Characters are animate beings with whom the player interacts in the course of the game. For example, the player might talk to a character, give something to a character or take something from a character. Characters can either help or impede the player, depending on how you design the game.
To add or edit a character, begin by choosing Characters from the main tabs. This will display a list of existing characters or items. To the right of this list, there are links for properties, events and map. When you select one of these links, the sub-tab corresponding to your selection will be opened.
When you add or edit an object, you will be asked to provide the following information.
You can also define commands for the object. You will see a green plus sign on the properties sub tab, which you can use to add, edit and delete commands.
A brief, unique name. This is visible to the player in many places and serves to identify the character or item.
An optional brief description. This is visible in lists (such as “you see” or “inventory”) as well as on the detail screen for the character or item. Always provide a description.
An optional picture. This appears on the detail screen for the character or item. This is where the player interacts with the character or item.
Media objects can contain other media files than pictures (for example a sound file) but these have currently no effect with characters. If you associate a sound media with a character in the hope that the sound will play every time you display the character this will not (yet?) work.
An optional icon. This is a small symbol that represents the character or item in lists. If you do not provide an icon, the builder provides a dull, boring default.
At any given time, a character or item may or may not be visible to the player. Visibility is determined by a combination of two factors.
Both characters and items usually have a location. This is expressed as latitude and longitude (with optional altitude). Typically, the position is within a zone. When you create a character or item in the builder, you can assign an initial location within any zone. During game play, you can move the character or item to a different zone.
Characters and items can be contained by zones, the player, or other characters or items. A given character or item can only be directly contained by one thing at a time.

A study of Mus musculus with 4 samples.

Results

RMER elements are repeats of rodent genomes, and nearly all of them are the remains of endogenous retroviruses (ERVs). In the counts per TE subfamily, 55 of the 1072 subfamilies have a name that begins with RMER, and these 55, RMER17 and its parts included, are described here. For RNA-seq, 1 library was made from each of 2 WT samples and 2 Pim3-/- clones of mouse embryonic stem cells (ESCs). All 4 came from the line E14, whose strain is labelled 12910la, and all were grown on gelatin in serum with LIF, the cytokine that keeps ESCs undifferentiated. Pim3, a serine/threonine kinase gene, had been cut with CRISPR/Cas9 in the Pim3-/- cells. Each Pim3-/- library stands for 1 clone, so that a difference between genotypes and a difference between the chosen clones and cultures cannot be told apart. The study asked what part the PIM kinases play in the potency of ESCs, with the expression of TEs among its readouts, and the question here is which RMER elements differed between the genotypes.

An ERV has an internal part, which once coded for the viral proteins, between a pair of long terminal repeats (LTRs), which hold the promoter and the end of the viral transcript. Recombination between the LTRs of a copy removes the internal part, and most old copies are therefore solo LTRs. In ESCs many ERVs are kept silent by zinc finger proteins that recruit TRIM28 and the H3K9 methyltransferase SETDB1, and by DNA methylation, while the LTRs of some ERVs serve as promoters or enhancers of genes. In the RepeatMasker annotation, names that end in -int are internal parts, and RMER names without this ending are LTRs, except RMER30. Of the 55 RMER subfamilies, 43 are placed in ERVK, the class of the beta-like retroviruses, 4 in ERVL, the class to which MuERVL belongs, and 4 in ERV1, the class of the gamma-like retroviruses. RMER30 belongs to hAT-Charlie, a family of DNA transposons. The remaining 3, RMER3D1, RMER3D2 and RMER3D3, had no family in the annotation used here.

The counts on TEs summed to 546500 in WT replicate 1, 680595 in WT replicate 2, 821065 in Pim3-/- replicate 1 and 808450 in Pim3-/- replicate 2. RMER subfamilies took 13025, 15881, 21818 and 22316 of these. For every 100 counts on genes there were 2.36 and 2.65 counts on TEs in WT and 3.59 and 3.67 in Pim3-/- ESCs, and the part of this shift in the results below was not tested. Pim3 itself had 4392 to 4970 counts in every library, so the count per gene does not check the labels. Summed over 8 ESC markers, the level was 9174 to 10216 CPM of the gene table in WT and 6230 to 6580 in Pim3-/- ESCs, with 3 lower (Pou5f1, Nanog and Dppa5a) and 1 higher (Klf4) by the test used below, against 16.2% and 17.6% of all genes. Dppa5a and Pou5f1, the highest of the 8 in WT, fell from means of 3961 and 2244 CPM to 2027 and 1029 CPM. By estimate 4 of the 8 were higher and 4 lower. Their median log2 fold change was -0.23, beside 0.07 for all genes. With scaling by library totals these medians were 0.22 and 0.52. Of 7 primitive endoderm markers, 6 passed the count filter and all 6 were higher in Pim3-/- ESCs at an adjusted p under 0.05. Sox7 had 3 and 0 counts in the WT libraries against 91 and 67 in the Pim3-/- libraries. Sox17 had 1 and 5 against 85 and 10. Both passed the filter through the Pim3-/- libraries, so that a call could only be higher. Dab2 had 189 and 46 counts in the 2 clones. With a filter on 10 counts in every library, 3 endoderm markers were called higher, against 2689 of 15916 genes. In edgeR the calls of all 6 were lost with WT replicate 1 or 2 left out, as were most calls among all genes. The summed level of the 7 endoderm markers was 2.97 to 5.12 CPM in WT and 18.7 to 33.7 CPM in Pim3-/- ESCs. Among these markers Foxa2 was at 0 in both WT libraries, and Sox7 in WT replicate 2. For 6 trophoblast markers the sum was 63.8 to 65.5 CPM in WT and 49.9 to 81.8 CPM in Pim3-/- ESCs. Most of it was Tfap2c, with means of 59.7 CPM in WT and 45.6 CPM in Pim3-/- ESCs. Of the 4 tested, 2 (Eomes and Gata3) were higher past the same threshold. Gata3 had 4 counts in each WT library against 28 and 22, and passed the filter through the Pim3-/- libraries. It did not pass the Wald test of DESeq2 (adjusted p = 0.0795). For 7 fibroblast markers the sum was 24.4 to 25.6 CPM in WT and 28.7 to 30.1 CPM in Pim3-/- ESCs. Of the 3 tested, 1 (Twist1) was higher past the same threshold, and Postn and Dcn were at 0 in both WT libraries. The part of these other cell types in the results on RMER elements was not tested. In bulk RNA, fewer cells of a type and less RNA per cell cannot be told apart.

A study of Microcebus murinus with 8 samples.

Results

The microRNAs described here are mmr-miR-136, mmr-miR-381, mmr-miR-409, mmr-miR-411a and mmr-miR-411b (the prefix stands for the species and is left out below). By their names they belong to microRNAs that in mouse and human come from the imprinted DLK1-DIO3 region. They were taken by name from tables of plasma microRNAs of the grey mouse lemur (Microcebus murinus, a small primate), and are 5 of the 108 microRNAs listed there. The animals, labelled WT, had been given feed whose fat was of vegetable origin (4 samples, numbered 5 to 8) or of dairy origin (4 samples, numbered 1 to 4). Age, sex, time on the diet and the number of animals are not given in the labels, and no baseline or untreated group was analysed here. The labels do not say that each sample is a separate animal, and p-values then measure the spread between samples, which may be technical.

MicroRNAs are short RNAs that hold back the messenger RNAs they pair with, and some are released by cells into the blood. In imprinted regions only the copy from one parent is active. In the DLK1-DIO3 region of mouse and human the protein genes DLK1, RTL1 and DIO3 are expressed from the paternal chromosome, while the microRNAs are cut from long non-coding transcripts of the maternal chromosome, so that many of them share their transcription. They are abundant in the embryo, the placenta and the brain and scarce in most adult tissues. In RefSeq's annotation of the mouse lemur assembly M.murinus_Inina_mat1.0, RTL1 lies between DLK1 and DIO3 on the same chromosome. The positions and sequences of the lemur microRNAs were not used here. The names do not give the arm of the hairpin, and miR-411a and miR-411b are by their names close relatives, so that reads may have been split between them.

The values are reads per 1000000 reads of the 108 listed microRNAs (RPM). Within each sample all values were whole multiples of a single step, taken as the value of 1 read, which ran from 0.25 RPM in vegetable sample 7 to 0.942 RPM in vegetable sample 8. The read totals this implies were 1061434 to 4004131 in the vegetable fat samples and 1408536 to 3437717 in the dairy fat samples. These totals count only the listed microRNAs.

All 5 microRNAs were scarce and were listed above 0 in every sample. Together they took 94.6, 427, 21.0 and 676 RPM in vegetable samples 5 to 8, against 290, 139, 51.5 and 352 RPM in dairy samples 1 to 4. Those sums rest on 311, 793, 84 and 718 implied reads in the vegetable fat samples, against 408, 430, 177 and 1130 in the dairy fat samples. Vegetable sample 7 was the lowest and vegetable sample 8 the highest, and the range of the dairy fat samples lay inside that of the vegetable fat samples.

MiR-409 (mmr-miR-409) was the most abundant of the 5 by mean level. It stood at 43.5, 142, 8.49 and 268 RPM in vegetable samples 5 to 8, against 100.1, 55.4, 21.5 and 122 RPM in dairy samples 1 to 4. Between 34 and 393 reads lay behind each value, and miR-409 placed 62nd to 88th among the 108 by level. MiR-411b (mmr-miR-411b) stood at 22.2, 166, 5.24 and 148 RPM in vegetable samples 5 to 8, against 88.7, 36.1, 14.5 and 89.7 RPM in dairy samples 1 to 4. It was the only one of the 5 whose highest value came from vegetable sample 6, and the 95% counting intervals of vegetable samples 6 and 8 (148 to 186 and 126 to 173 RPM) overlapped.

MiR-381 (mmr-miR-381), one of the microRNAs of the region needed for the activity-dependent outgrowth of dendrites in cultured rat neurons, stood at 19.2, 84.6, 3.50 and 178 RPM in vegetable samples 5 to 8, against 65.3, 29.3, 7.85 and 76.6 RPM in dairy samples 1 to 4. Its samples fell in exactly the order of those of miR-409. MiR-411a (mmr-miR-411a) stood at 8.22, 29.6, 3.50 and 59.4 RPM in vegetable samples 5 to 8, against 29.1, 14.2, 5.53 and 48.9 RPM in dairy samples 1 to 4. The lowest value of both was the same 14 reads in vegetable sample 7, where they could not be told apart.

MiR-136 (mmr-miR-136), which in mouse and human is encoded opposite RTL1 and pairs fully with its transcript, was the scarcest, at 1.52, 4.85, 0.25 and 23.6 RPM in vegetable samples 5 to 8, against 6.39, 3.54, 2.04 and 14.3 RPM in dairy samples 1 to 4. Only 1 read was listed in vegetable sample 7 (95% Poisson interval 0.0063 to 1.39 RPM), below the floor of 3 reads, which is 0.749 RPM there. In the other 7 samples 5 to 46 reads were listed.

Initially, the builder allows you to optionally contain a character or item within a zone. This also implies that the object is located within the zone. During game play, you can move an object to a zone, to the player, to a character or to an item.(You can also move an object to “nowhere”, meaning that is not contained by any other object.) Note that an object which is contained by the player, a character or an item moves with the containing object. For example, if an envelope contains a letter and you move the envelope to a different zone, the letter moves with it. Similarly, anything in the player's inventory moves with the player.
In script, you can check to see what contains a particular item. This test refers to the immediate container. For example, suppose that an envelope contains a letter and the envelope has been moved to a particular zone. A test to see if the letter is in the envelope will be true. A test to see if the envelope is in the zone will also be true. However, a test to see if the letter is in the zone will be false. The letter's location is within the zone, but it is directly contained by the envelope, not the zone.
Characters have a few additional properties. Each property has a value, which you can set and test during game play. In addition, the builder allows you to give these properties initial values.
Characters and items can have associated commands. Commands provide a way for the player to interact with the virtual world. For example, you might have a command to talk to a character. Or a command to open a box or an envelope. Or a command to have a character ride a bicycle or a horse. You can also attach script to a command. When the player chooses to perform the command, the script executes. This gives you the opportunity to make changes as a result of the command. For example, if the player chooses to “take” a coin, you can move the coin to the player's inventory. Or if the player chooses to have a character ride the bicycle, you can move the character and bike to a different zone.